What Is Acan Coral?
People often think that, when viewing lovely reefs shown on nature shows, they are made up of beautifully colored rocks; in fact, these reefs are made up of living creatures like the Acan coral.
Scientifically known as Acanthastrea, the coral originates in the tropical Australian Indo-Pacific. As with all species of coral, it is a living creature; an animal that belongs along with the jellyfish to the family of organisms called cnidaria. Sac like in shape, the coral has a hole in one end that is fringed with stinging tentacles. These coral actually have the appearance of a miniscule jellyfish in its infancy. While still quite small, the baby acan floats in the water until a hard surface, usually part of the coral reef, to which it can attach itself. Once attached, it busies itself by building a shell using carbon dioxide and calcium to make limestone. The shell is a tiny fortress, round in shape, with the little coral polyp inside.
The Acan coral enjoys warm waters between 75˚F and 85˚ F that receives moderate lighting and an adequate supply of its food source. It obtains its food at night by putting its tentacles out of the shell into the water where they wave about waiting for plankton to float by. The plankton is stung by the tentacles, immobilizing it, before it is drawn into the shell where it will be consumed by the coral.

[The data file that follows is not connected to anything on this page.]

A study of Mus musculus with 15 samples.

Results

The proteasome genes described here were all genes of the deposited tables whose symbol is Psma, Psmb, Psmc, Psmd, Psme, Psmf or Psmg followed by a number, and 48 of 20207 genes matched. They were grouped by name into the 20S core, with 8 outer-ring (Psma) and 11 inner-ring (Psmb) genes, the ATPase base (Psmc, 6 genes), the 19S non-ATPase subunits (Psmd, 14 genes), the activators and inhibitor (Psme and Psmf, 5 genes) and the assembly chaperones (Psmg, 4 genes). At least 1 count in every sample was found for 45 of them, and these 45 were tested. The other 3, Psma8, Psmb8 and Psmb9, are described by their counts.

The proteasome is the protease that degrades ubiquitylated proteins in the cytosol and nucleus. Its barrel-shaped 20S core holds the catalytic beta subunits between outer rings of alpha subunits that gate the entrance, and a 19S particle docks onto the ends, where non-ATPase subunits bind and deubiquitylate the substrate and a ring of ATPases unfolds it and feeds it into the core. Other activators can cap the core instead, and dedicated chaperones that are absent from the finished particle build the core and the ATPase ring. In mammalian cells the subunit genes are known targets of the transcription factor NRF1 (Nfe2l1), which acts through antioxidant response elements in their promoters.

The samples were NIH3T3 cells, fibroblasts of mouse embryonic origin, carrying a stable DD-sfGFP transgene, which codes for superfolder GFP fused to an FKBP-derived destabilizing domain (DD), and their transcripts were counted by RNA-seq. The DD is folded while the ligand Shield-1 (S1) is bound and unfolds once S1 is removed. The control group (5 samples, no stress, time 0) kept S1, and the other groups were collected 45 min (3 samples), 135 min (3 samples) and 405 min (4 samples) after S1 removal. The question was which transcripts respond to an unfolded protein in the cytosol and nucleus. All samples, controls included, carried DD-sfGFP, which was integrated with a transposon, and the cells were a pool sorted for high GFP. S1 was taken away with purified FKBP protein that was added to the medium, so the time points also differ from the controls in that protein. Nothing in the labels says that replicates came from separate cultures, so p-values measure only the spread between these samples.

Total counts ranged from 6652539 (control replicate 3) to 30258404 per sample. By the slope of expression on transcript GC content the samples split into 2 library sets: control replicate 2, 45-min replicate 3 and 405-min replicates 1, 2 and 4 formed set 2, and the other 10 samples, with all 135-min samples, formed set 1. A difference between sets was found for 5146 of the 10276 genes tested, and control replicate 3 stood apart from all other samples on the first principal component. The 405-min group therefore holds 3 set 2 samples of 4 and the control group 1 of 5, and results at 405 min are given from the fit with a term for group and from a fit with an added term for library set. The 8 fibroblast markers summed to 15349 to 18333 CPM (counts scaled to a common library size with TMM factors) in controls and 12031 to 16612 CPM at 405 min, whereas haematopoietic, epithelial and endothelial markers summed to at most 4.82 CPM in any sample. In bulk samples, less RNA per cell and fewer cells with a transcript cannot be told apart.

A coral reef is composed of millions of these small corals and many other coral varieties. As the polyps die, young ones are attaching themselves to the same spot to build their shells directly on top of the now expired coral. Different coral types form various designs; tubular, circular, fanlike and more designs may be found on the same reef. The Acan, with its individual round shells, form numerous spherical shapes of a variety of colors ranging from emerald green to ruby red.
Those who are aquarium enthusiasts are easily able to integrate the Acan coral into their large tanks, even as beginners. Fragged coral, or fragmented coral pieces, is the manner in which coral is propagated for aquarium tanks. It is much easier and faster than breeding coral. The frags can be purchased from aquatic shops in small to mid-sized pieces. Prepare your aquarium before adding the frags; the most important step being to introduce an object to which the frags will be able to adhere. A flat rock is ideal, but any clean, non-toxic item can be used. If placing several frags in the aquarium, be sure to allow adequate room of about 2 to 3 inches between each coral polyp to avoid aggressive behavior. Also, ensure there will be moderate current flow in the water to nurture feeding habits.
Feeding the aquarium coral can be equally as easy. Acan will usually eat any meat based food source of marine origin. Fresh, minced clams or oysters from the seafood section of the grocer’s will be adequate, as will commercially packaged brine shrimp. A good method of introducing the food into the tank is using a standard sized turkey baster. Mixing the food with a small amount of water and placing it into the baster, place the baster into the water and squeeze the food slowly over the coral polyps. Since the coral are typically nocturnal, it is best to do this when lighting is low.
Acan coral are beautiful living creatures that add a great deal of interest as well as biological benefit to the oceans of the world. Enjoying them in your home aquarium is yet another way to marvel at these small creatures that have such a big impact on the balance of our waters.